37 “Do not judge, and you will not be judged. Do not condemn, and you will not be condemned. Forgive, and you will be forgiven. 38 Give, and it will be given to you. A good measure, pressed down, shaken together and running over, will be poured into your lap. For with the measure you use, it will be measured to you.”
39 He also told them this parable: “Can the blind lead the blind? Will they not both fall into a pit? 40 The student is not above the teacher, but everyone who is fully trained will be like their teacher.
41 “Why do you look at the speck of sawdust in your brother’s eye and pay no attention to the plank in your own eye? 42 How can you say to your brother, ‘Brother, let me take the speck out of your eye,’ when you yourself fail to see the plank in your own eye? You hypocrite, first take the plank out of your eye, and then you will see clearly to remove the speck from your brother’s eye.
Observations and Reflections
The current block of text from the sermon on the mount is all about one thing; hypocrisy. Many would rightly point out that Jesus was fed up with the hypocrisy of the religious leaders but the audience on this day would have been quite a mix of classes and locations. This message was not just for the religious leaders but for all people. Nothing is more damaging to the gospel message than messengers who say one thing but do another.
Moreover, Jesus is teaching a principle which is that those who harshly judge others will be judged themselves by the same standards.
However, we should not overlook the fact that the Pharisees would have been on the minds of many people in the audience. The hypocrisy of the Pharisees was not a new issue. It was a long and lingering problem. The 1st century Judean ruler, Alexander Jannaeus lamented the problems of the Pharisees on his deathbed with the following words, recorded in the Talmud.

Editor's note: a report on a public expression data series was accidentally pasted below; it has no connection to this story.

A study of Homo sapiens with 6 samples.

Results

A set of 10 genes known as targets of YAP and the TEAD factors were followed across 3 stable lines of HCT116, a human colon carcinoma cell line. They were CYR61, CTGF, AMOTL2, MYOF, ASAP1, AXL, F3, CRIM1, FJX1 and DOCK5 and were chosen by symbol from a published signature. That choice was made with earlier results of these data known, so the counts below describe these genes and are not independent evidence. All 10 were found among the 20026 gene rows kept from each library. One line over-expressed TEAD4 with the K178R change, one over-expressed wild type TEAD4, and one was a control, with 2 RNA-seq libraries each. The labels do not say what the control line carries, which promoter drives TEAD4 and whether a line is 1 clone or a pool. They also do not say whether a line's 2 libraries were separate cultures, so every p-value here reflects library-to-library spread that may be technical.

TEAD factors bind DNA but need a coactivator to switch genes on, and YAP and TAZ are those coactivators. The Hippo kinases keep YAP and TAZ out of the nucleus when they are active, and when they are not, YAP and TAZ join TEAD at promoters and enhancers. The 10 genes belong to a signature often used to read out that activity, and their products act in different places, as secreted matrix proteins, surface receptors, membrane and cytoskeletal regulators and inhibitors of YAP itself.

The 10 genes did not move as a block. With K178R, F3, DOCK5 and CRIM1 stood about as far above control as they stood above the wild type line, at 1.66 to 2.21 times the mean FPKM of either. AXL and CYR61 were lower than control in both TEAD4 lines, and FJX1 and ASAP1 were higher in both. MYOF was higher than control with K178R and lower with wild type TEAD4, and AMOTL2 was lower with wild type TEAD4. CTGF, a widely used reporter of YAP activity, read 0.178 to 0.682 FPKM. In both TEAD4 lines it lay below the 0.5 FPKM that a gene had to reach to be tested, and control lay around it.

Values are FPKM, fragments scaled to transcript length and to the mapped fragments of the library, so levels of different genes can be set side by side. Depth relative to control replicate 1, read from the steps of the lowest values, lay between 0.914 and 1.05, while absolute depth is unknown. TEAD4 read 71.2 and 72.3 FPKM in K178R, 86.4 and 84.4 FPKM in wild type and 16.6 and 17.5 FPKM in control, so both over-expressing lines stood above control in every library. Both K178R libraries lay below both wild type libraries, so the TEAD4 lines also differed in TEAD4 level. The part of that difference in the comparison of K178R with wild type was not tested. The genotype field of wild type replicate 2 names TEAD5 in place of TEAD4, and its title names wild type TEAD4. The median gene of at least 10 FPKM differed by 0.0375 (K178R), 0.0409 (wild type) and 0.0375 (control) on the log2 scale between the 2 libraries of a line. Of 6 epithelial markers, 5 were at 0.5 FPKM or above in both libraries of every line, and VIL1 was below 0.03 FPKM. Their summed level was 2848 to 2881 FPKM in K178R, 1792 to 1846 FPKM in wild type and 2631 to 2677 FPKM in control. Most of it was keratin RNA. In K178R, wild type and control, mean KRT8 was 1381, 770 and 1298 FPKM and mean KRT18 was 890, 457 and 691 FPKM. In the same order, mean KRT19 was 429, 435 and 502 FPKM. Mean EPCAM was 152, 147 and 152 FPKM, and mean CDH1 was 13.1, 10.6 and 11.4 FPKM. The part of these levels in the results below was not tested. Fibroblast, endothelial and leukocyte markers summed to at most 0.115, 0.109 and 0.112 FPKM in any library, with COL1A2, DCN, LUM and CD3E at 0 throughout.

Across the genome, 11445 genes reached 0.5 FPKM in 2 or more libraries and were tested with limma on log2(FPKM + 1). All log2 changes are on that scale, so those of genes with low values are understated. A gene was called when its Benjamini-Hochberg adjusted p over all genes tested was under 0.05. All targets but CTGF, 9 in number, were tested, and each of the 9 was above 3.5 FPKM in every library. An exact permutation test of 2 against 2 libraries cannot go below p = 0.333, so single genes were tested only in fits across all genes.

King Jannai said to his wife’, ‘Fear not the Pharisees and the non-Pharisees but the hypocrites who ape the Pharisees; because their deeds are the deeds of Zimri (Omri the evil king)
Additionally, it was said that there were 7 types of Pharisees according to the Talmud, 6 of them a plague.
- The shikmi Pharisee — he is one who performs the action of Shechem.
- Who was circumcised from an unworthy motive
- The nikpi Pharisee — he is one who knocks his feet together.
- Who walks with exaggerated humility
- The kizai Pharisee — R. Nahman b. Isaac said: He is one who makes his blood to flow against walls.
- In his anxiety to avoid looking upon a woman he dashes his face against the wall
- The ‘pestle’ Pharisee — Rabbah b. Shila said: [His head] is bowed like [a pestle in] a mortar.
- Who walks with his head down in mock humility
- The Pharisee [who constantly exclaims] ‘What is my duty that I may perform it?’ — but that is a virtue! — Nay, what he says is, ‘What further duty is for me that I may perform it?’
- As though he had fulfilled every obligation
- The Pharisee from love
- The only good pharisee
- The Pharisee from fear
- The one who constantly preaches the death and wrath of God.
Jesus’ teaching on false religion is one that we should all be reminding ourselves from. This message was not just about the pharisees but about all disciples of Christ. We are called to a higher standard and to worry about our own sin, not the sin of others.